Shiba was an excellent student and loved animals, her mother said. Image Credit: Supplied

Dubai: Sudden death of a Grade 2 student Shiba Fatima on Wednesday, a tragedy that follows the deaths of two other students within the last one month, is causing panic among parents in the Indian community.

On November 14, Aliya Niyaz Ali, 17, a grade 11 student died of a suspected flu, while on October 29, Amna Sharaf, 9, a grade 4 student died following a weeklong hospitalisation after she complained of fever, nausea and vomiting.

All three deceased girls hailed from Kannur district in the south Indian state of Kerala.

Shiba, 7, a student of Gulf Asian School Sharjah, died on Wednesday after suffering from what seemed to be fever and indigestion for two days.

Her grief-stricken mother, Safeera Sathar, is leaving for her hometown in the Kannur district of Kerala on Saturday.

Shiba with her brother Mohammad Shezin. Image Credit: Supplied

“I cannot bear to visit the empty room of my daughter,” she told Gulf News. “After her death, I have been staying with my sister and I plan to leave for India. I don’t know when I will return,” said the sobbing mother.

Talking of her daughter’s health, she said, “Shiba never fell ill even for a single day. She was a bright, active child, who led the school assembly, always scored full marks in most subjects and was bursting with energy and enthusiasm. At home, she would often coax me to take her lessons although she was always well prepared as she studied hard. She would play a lot as well, and couldn’t stop loving animals,” recalled the mother.

Talking of the timeline of her daughter’s last two days, Shatha said, “Shiba went to school on Monday (November 26) and came home at 12 noon as schools closed early due to the rains. That day, she told me that she was feeling a bit feverish. In the evening, we took her to our family physician who suggested Shiba undergo tests for influenza. The tests came negative, so we breathed a sigh of relief,” said the mother, fighting back her tears.

However, despite testing negative for influenza, Shibha felt nauseous and had vomiting bouts on Monday evening. “The physician prescribed her paracetamol and anti-vomiting pills. By Tuesday, when the vomiting continued, the doctor put her on an IV drip.”

Later. Shiba told her mother that she was not able to breathe properly.

Shiba’s father, Shauki Mannan, who works for a multinational company, decided on Wednesday morning that his daughter was looking dehydrated and brought her to the emergency room of the NMC Hospital in Al Nahda.

“Within half an hour, they wheeled her to the ICU,” said Shatha. “My daughter kept asking me, ‘Mom, what are the doctors going to do?’ She was very fearful.”

Shatha said she reassured her daughter saying she would soon be well and that calmed her down.

“But she never came out of the ICU — within the next hour, she passed away.”

Hospital sources told Gulf News that there was little they could do as the patient was brought to the hospital in a very serious condition. The mother confirmed that Shiba’s blood tests indicated her platelet volume was only 7,000 when it should have been above 150,000 and her haemoglobin count was 4 which should have been 11 or 12. Her death certificate indicates she died due to septic shock, acute hepatitis and acute gastroenteritis.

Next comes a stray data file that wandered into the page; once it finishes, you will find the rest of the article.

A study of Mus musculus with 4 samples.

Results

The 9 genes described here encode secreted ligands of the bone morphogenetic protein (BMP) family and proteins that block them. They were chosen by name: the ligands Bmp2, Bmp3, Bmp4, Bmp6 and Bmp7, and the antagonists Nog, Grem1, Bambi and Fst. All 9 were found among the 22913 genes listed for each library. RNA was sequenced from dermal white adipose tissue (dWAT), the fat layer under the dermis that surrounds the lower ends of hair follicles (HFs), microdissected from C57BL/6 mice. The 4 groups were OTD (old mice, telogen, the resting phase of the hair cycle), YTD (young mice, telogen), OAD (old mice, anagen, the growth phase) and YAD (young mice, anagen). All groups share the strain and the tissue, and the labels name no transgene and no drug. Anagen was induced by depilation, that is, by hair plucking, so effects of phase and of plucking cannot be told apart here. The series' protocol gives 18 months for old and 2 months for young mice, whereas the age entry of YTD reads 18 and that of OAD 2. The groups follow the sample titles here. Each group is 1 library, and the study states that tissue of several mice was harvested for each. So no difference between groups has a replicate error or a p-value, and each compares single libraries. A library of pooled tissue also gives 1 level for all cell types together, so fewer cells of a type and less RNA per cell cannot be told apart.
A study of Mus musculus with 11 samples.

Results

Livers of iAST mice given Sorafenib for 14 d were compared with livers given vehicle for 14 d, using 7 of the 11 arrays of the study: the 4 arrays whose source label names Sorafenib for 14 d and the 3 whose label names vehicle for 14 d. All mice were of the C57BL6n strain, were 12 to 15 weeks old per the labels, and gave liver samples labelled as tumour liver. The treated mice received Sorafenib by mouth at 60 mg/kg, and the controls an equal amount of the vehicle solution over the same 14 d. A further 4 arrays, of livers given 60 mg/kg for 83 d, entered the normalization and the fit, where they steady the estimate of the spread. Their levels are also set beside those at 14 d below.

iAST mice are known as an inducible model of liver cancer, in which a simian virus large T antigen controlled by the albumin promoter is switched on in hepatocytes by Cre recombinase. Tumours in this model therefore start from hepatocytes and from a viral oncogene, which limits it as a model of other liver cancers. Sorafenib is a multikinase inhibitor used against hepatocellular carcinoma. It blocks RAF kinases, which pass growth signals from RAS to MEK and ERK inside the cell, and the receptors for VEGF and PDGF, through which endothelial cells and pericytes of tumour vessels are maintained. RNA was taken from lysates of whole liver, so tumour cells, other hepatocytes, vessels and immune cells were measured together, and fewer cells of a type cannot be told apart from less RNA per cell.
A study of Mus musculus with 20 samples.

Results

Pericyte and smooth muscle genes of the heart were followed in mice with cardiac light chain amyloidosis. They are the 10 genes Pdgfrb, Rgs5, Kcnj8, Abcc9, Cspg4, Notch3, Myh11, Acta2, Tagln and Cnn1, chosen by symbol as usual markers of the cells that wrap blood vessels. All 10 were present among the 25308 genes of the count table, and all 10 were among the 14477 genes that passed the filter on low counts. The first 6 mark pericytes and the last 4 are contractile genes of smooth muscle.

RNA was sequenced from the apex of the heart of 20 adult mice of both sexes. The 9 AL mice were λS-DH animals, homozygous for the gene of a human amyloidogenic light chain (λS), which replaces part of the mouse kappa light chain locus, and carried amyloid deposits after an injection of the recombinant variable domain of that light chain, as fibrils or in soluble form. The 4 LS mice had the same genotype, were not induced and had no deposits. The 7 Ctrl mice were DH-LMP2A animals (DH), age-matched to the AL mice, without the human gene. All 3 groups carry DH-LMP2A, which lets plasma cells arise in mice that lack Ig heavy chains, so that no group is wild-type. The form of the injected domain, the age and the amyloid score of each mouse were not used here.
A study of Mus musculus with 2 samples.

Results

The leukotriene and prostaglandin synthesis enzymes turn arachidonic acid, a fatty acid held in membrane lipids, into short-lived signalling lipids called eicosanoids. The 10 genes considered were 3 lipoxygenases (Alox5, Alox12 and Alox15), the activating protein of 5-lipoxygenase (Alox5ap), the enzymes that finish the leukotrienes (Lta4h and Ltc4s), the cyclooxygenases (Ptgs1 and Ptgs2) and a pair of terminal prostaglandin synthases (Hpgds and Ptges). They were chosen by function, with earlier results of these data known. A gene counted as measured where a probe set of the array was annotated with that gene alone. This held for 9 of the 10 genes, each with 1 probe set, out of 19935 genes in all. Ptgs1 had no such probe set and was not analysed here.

Shibha has two brothers, Mohmmad Shezin, 11, and Shayan, 5,


A majority of Indian schools have issued precautionary health advisory to parents asking them to not neglect any signs of fever, cough and cold, advising them to seek immediate medical intervention, The school circulars are instructing parents ‘not to send’ a child with even mild fever to school and to take preventive vaccinations for influenza. However, parents are not sure if one vaccination shot would be enough to protect their child.

Three tragedies in a month

Three Indian school-going girls who died within the span of a month with brief incidences of fever and other symptoms, all belonged to Kannur district in Kerala and two had visited their hometown during the summer holidays in July.

Amna Sharaf, 9, a grade 4 student of Our Own Indian High School, died on October 30. She had been ill with fever and cold, nausea and vomiting from October 22 during which time she was treated at two hospitals but her heart was affected and she succumbed within seven days.  

Similarly, Aliya Niaz Ali, 17, the grade 12 student from Indian High School, Dubai, contracted mild fever and cold for two days. She too was referred to her family physician who treated her with paracetamols and anti-histamines. She recovered, resumed school for a day and returned home feeling sick again on October 12. On October 13, despite taking medications, when she complained of severe abdominal and chest pain, her parents decided to admit her to the emergency ward of Rashid Hospital. She was admitted on the morning of October 14, and died the same evening. Aliya too had visited Kannur during summer holidays in July, her family said.

Shiba Fatima was in Kannur in July for her summer holidays.

According to medical experts, the possibility that the girls had contracted some form of viral and bacterial infection is remote as such infections do not have such long gestational periods. Further, the three girls did not have any reported incidents of discomfort immediately after returning from their holiday and attended school as normal, without having taken a single day’s sick leave.